Sustainability Director Reflects on Walmart's Hunger Relief Milestones
This article series is sponsored by Walmart and produced by the TriplePundit editorial team.
I recently traveled to upstate New York for a visit with the Food Bank of the Southern Tier. During my time there, I met four amazing women—all with different stories, but each of whom had seen dramatic changes in their lives centering on the moment when they started to eat healthy and nutritious food. I was moved as they shared their personal journeys and reminded again how important it is to keep people’s experiences, perspectives, and the needs of communities at the center of what we do.
Each and every day, Walmart and the Walmart Foundation work to help serve communities—it’s in our DNA. The company was formed to bring people access to the most important things they need to live their lives better—and what could be more important than access to food? We believe no family should have to choose between food that’s healthier for them and food they can afford. That’s why we believe it is important to be a part of the work being done by the Food Bank of the Southern Tier, and food banks, pantries, soup kitchens, and other hunger relief agencies that open their doors to their local communities each day. In addition, we support programs that provide nutrition education and cooking skill development to help families build confidence in choosing healthier foods.
And, as the world’s largest grocer, Walmart is relentless in our commitment to making healthier food more accessible to our customers.
We’ve accomplished some important milestones in this work. In 2015, Walmart and the Walmart Foundation committed to help provide 4 billion meals to people in need and provide nutrition education to 4 million people by 2020. We recently announced that we have put funding in place to reach both of these commitments ahead of schedule. While we are proud of our work, that milestone that is shared with hundreds of thousands of individuals: our associates who volunteer their time and talents, the organizations who serve communities on the front lines, suppliers who have helped to mobilize customers and communities, and other funders who have helped support organizations as they work to serve those in need. The commitment of each of these individuals taken together makes a significant difference.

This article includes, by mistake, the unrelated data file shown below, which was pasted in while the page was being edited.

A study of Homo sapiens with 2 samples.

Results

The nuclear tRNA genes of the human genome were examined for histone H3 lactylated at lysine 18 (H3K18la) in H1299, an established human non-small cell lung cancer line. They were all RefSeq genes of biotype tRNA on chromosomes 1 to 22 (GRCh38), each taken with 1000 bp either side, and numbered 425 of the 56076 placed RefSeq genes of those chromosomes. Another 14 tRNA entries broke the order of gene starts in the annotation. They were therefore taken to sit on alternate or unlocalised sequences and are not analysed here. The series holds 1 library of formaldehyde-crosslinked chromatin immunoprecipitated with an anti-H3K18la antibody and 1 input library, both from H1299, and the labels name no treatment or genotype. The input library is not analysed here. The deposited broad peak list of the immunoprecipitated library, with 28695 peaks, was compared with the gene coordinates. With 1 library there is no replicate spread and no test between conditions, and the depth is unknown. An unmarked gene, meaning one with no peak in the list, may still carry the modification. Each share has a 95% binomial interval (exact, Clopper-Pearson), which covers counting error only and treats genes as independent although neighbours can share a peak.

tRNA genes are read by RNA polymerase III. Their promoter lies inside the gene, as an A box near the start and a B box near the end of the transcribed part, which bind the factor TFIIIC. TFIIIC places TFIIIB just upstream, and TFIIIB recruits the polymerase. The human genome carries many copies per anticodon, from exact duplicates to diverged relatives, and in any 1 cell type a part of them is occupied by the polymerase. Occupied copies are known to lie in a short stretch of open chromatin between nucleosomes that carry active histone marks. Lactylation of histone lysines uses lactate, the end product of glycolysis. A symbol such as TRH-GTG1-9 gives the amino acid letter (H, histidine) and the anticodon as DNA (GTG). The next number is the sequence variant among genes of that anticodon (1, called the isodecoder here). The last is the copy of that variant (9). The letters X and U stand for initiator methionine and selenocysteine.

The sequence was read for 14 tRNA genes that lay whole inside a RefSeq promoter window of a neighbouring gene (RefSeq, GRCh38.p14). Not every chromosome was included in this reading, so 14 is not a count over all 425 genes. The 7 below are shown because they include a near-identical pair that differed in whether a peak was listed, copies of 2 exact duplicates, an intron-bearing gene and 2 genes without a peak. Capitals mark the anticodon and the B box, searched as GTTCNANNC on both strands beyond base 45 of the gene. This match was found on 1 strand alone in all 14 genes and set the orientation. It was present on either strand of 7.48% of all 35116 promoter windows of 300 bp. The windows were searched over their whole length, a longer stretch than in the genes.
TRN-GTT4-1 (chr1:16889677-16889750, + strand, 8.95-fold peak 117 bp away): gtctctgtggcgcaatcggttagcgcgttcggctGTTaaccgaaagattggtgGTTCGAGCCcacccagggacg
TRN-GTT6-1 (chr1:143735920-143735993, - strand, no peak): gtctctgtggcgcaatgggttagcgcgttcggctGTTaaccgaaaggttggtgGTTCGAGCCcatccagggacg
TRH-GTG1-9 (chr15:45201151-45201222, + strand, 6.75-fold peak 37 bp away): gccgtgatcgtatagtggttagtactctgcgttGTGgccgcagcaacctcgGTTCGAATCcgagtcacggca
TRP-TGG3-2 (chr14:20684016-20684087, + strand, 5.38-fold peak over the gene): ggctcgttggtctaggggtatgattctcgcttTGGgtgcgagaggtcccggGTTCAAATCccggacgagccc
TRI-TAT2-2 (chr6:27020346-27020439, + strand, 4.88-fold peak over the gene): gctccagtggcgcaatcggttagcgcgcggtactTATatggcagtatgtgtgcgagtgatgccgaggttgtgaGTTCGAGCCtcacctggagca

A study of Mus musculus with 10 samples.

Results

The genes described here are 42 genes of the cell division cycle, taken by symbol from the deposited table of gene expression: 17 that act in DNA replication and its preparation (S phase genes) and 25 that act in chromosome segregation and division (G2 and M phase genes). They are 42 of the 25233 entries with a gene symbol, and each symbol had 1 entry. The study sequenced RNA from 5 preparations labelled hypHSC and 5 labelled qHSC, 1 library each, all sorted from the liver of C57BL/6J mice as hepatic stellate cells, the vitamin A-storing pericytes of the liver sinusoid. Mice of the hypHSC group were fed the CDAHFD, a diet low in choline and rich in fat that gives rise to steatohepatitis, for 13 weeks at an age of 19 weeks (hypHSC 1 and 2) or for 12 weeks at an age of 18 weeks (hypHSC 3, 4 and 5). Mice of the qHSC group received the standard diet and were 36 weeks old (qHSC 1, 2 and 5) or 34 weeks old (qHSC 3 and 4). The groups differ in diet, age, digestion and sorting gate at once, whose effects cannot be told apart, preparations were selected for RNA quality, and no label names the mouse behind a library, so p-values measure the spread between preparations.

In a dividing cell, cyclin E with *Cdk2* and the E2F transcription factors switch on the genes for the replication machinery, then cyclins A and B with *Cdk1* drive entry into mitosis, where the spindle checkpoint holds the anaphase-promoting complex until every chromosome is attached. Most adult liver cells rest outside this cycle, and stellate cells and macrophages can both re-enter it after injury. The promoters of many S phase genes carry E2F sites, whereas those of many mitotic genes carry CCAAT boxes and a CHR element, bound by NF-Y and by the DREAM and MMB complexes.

As much as there is to be proud of, we also know that this is just a step taken in our journey toward everyone having access to healthier food. Inequity in access to healthier food persists—and the world looks different than it did five years ago, meaning we need innovation and creativity to find new solutions. For example, data analytics and machine learning are changing the way we work and offer promise for new ways to solve problems. Even the way families shop, cook and eat is changing—all of this innovation offers new opportunities to help support families who are most in need.
So, while we should celebrate what we have accomplished and learned, we’re not done yet. We will continue to lead with Walmart’s strengths, including donating food and engaging customers and associates, and continue to focus on the system itself, strengthening food recovery efforts, and providing support for extending the reach of hunger relief programs in new ways. But, we take seriously the challenge of how to evolve our work. Our vision for a sustainable food system is one that will require combining efforts to improve access and availability to healthier food with approaches to increase people’s confidence to select, prepare and serve healthier foods. It will also involve taking a look at where resources are most needed, and where they are distributed today.
That is not to say there are not needs in every community. In fact, check out Feeding America’s Map the Meal Gap to see how many people in your county are food insecure. Walmart and the Walmart Foundation are committed to continuing to invest in programs that impact communities at scale. However, we are also looking to prioritize reaching communities that experience higher rates of food insecurity and diet-related diseases, focusing on programs that are culturally and geographically relevant to support those communities.
We know there is a lot to learn in the next chapter of this work. But the invitation to think differently about how to achieve a more sustainable and accessible food system for all is one we are excited to accept.